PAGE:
Portugal Spring Break Pt. 2 – Lisbon and the Imaginary of Discovery

Next in Lisbon we headed to the Calouste Gulbenkian Museum, which housed an incredibly charismatic selection of work from around the world. The building was strikingly similar to Saarinen’s John Deere Headquarters in Moline, IL in its horizontality, lowness, form, use of natural vegetation and material punctuation. It is an incredibly handsome and masterly building.

The Calouste Gulbenkian Foundation, completed in 1969 by Ruy Jervis d’Athouguia, Pedro Cid, and Alberto Pessoa

One thing that struck me about the collection was the number of animals represented across cultures. I found myself thinking about discovering my power animal, The Great Horned Owl, at a young age. I was really young and the experience was very bizarre, but somehow the notion of a spiritual protector or guide still resonates, and this museum re-energizes that sensibility: just look at Gulbenkian sitting in front of a mighty bird, in mutual pride and ease.

[In high school I spent a lot of time thinking about the Great Horned Owl as both ‘harbinger of death’ and bringer of knowledge. I still find the relationship fascinating, and (thanks to my latest lecture series) have been thinking of late about Einstein and the wonders and devastation his new knowledge brought upon the world…purity or awareness? the struggle of modernity? See quote in next image.]

The adoration towards the animal felt in this museum reminded me of just how magically other these creatures are and how remarkable it is we can still connect with beating hearts, in so many different ways…I must remember to smother Metro with hugs when I get home.

From the museum we got sandwiches and mango juice for the unreasonably low price of 2 euro. We took the metro back to the hostel and proceeded to MUDE, a fashion museum near the waterfront in the Baixa-Chiado area.

MUDE Exhibition of Student work from the University of Lisbon, and the work of Felipe Oliveira Baptista

The museum was only three floors of exhibition, but the quality of work was spectacular, inspiring, disorienting. The second floor exhibit was work from an architecture school in Lisbon and it was broken into elements of design. The third floor was devoted to a fashion designer. Because the space was so raw, unfinished and exposed, the pristine lines and forms of the clothes were very dramatic and impressive. There were somewhere around twelve ‘booths’ of clothing lines: panes with glass on one side and white plaster on the other. The clothes were presented always on the white side, while the glass bent and twisted the spaces surrounding the booth. The effect was dizzying and surreal; a fun house of architectural decrepitude with bursts of white and avante garde clothing.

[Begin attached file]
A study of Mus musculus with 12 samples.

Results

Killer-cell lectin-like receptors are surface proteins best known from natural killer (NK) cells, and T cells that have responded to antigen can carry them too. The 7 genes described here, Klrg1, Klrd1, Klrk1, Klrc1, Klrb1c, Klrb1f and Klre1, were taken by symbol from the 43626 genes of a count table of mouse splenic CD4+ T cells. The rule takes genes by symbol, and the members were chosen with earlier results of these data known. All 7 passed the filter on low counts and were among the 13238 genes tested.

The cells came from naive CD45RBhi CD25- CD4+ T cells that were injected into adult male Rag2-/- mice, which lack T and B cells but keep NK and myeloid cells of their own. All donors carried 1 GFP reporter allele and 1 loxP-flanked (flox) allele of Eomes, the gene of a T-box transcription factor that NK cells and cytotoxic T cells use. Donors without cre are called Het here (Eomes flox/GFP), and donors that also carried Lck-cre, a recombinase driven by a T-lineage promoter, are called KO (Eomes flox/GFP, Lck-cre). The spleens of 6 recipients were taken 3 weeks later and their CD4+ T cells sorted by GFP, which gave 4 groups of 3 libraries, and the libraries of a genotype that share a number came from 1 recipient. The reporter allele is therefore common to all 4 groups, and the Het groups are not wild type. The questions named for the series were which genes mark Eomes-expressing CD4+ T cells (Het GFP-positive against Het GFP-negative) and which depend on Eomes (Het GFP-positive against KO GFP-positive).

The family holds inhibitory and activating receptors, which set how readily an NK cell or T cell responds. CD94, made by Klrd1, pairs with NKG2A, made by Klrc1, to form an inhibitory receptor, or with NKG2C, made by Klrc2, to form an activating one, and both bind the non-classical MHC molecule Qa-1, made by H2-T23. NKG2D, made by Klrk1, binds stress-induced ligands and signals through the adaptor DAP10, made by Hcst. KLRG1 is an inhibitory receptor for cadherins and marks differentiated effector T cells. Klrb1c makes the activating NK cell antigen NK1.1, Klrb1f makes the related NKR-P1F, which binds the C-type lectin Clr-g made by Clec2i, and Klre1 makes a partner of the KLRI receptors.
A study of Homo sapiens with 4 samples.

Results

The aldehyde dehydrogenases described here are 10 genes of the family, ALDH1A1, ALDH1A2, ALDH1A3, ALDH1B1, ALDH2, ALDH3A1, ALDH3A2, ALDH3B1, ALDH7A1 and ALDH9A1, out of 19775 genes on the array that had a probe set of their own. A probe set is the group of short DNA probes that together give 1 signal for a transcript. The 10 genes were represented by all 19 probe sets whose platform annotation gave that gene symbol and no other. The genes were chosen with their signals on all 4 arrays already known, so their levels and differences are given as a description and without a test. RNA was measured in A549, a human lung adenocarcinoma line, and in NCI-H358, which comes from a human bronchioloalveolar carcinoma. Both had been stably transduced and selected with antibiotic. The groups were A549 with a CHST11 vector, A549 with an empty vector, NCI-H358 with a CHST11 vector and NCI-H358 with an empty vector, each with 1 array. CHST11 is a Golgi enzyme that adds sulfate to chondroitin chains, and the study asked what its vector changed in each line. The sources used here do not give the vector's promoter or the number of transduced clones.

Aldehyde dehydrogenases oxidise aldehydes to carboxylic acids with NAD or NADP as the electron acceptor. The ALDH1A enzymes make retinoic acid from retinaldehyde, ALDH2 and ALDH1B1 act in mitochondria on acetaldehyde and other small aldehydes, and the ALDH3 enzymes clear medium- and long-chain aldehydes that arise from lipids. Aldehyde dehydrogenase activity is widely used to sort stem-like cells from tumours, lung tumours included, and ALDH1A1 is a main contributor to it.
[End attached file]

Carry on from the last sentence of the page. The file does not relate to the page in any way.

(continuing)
From MUDE we headed west towards the Belem Tower. We saw Jeronimos Monastery, mainly the Church for Santa Maria, famous for its webbed vaulting. Here along the coast with the monument to discovery and the maritime, crustacean ornamentation of the Church, the imaginary of discovery was most present.

Santa Maria Church at Jeronimos Monastery, completed in the 16th century by Diogo Boitac and Juan de Castilho

Architecturally the style is Manueline, distinct to the age of discovery in its representation of voyages and instruments of navigation and reveals to the world the wealth new international trading afforded the Portuguese. Standing next to the tomb of Vasco da Gama, the explorer who established a trade route with India, it was hard not to be filled with this romanticized gusto of exploration. Navigation! Spices! MAPS! Here was where the voyages/ers were blessed before charting the unknown. Here was where people mapped the heavens, turned towards the sea and just freaking went for it.

We headed west towards a new Charles Correa project suggested to us by a professor. It was a complex of three tear drop shaped volumes connected above ground by a tubular sky walk and below ground through a network of tunnels and parking. The project is aptly named the Champilaud Centre for the Unknown, and the bizarre architectural languages employed certainly reinforce the program as an exploratory research and diagnostic center. Inside we found a beautiful garden, rooms dedicated to nuclear medicine and radioactive therapy, a playground and prayer room. The bizarre language came from its oval cutouts that punctured the tear drops, one becoming a window to massive auditorium, the majority of the cutouts being into an open air landscaped area, for recovering patients and waiting family members. The siting of the building could not be better, as it gathers you up and out towards the sea in a dramatic sloping gesture.

Charles Correa’s Champilaud Centre for the Unknown, completed in 2010

Having studied Chuck’s Kanchanjunga Apartments in Mumbai, I can only assume he’s functioning on a much higher level, and that all the moves have sustainably progressive motives, or formal poetry that I couldn’t fathom on our short visit. Again the program of the building reinforced the notion of this city as leading the way into the next worlds of discovery and opportunity, the subject matter has changed, the attitude has not.

That bizarre and perplexing building being our final stop, reinforced the notion of Lisbon as point of departure into the unforeseeable future. As I mentioned here and in the previous post, it is an infectious imaginary, one that resolves itself architecturally in the Manueline style, and stylistically in everything from urban sculpture to the graphic identity of Lisbon’s Public Transit system. It set up a bias for the next two and half days in Porto, which I found to have similar qualities but far more charisma and nuance – notions I will get to in the next few days.